Posted by: Joe Eds | January 24, 2011

Sundance Noise

I could probably write a ten page single-spaced essay about the economics of the “independent” film industry (the quotes are meant as condescending since many of those self-declared films are produced and distributed by arms of big studios) and mention how mostly irrelevant film festivals are now. I do say mostly. Acquisitions still take place, but these festivals are mostly used for publicity and garnering attention.

Speaking of publicity there’s been a lot of noise coming from Sundance, which takes place this week, in regards to a film entitled Red State. A horror film about three teens who are kidnapped by religious fundamentalists and the film plays out as a standard horror film, except with the religious extremism undertones. The director of the film stated it would premiere at Sundance, which it did last night, and after the screening an auction would take place for theatrical distribution rights. However, after the film the director stated that he would be selling the film to himself for $20 then go on a month-long, 13 city on the tour.  Charging $60 to $100 for tickets and using only his twitter account for publicity. Obviously, this tour (with bookings) was decided on a long time ago and the director of this film clearly had no intentions of selling the distribution rights at Sundance, thereby wasting everyone in attendance’s time since they could be seeing other films for their respective companies. The film received mostly mixed reviews from those in attendance. So that’s the news. Red State will be seen in select theaters, screened and hosted by the filmmaker. We’ll see what happens.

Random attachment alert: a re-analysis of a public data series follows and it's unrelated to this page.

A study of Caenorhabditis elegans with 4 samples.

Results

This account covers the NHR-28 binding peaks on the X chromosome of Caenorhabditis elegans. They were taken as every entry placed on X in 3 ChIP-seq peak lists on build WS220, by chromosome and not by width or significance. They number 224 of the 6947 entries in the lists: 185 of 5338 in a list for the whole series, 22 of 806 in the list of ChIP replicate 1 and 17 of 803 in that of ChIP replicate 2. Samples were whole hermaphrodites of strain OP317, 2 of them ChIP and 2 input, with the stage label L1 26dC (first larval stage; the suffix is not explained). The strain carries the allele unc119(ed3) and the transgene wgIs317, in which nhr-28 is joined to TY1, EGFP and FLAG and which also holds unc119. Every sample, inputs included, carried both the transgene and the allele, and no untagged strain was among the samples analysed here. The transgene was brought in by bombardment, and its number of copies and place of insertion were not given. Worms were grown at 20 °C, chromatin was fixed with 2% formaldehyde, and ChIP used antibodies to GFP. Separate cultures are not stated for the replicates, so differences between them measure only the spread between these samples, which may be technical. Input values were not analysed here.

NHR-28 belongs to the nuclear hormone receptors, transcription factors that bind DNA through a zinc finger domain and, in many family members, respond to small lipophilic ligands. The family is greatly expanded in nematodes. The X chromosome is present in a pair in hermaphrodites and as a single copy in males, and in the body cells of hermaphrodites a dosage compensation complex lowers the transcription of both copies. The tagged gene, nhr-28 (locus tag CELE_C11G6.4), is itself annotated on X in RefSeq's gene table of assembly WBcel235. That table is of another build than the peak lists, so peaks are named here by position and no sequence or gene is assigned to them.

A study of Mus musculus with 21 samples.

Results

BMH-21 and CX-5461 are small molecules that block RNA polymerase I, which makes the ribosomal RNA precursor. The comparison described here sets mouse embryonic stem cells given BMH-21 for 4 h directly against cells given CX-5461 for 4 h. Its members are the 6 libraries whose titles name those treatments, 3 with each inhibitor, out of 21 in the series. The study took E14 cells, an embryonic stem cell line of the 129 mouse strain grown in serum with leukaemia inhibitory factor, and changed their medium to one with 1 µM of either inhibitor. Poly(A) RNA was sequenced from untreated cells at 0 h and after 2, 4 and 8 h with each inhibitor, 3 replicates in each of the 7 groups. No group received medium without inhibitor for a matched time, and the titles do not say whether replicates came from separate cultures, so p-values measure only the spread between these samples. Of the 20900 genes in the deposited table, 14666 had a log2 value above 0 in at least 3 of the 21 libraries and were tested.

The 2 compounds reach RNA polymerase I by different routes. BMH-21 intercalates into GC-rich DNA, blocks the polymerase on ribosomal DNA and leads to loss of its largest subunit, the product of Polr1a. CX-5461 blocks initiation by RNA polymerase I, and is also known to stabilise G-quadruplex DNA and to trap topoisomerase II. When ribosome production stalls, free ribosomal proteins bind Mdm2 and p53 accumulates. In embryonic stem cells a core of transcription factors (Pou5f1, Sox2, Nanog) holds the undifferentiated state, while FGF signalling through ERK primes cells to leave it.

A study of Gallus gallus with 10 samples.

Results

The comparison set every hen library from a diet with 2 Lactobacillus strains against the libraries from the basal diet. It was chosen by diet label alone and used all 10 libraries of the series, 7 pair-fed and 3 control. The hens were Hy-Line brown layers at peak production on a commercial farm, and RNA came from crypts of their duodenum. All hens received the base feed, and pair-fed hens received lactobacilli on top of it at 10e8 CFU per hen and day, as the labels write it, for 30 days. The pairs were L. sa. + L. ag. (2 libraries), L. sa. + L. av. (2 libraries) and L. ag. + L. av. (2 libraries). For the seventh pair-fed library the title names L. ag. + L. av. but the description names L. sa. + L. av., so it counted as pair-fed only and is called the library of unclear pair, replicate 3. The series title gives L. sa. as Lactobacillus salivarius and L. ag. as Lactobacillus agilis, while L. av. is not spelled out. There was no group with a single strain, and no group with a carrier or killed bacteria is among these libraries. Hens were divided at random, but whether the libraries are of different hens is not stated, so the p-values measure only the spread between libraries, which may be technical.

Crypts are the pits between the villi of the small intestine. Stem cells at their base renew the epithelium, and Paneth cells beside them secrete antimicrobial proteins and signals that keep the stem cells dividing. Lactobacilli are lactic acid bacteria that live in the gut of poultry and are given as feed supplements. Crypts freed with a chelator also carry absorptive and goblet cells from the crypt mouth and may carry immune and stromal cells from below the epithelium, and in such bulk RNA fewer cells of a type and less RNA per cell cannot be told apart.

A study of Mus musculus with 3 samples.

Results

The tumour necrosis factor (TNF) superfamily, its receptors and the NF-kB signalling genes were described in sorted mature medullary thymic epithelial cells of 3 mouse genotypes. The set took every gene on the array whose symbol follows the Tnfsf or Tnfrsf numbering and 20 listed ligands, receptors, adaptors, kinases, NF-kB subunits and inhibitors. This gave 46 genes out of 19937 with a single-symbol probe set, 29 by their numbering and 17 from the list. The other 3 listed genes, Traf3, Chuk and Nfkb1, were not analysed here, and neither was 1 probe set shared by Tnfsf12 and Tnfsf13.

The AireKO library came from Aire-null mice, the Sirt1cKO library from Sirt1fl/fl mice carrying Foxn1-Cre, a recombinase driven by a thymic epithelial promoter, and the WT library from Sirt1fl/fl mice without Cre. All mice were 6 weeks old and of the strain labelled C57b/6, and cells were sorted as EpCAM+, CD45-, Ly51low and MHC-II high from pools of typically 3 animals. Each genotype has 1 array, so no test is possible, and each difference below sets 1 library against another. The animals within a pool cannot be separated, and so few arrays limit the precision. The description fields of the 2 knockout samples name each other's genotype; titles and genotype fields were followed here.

Oh…did I happen to mention the film director in question is Kevin Smith. The man’s name alone stirs online discussion that hardly ever stays “polite.” Reactions to this news is also less than objective. Nikki Finke’s column described it as “Watching Kevin Smith Implode.” And I’m part of the problem as well. I can’t stand Kevin Smith, as an individual. And most of his films are flatly terrible, Jay and Silent Bob Strike Back and Clerks II are soul-crushingly crass, immature and sad. He was a crucial part of the 1990’s indie movement with Clerks, but since then he’s a rant-aholic blowhard, chastising airlines for asking him to leave because of his weight and film critics for not liking his films. He also has a rabid fanbase. Segments of the online community genuinely love him, as well as some well-respected filmmakers such as Edgar Wright and Quentin Tarantino.

Red State is Smith’s movie. He should see it released how he wants. It’s a tough distribution world out there, far more losers than winners. Smith wants to use sideshow publicity to draw attention for himself, rail against the system alienate film studios in the process, best of luck.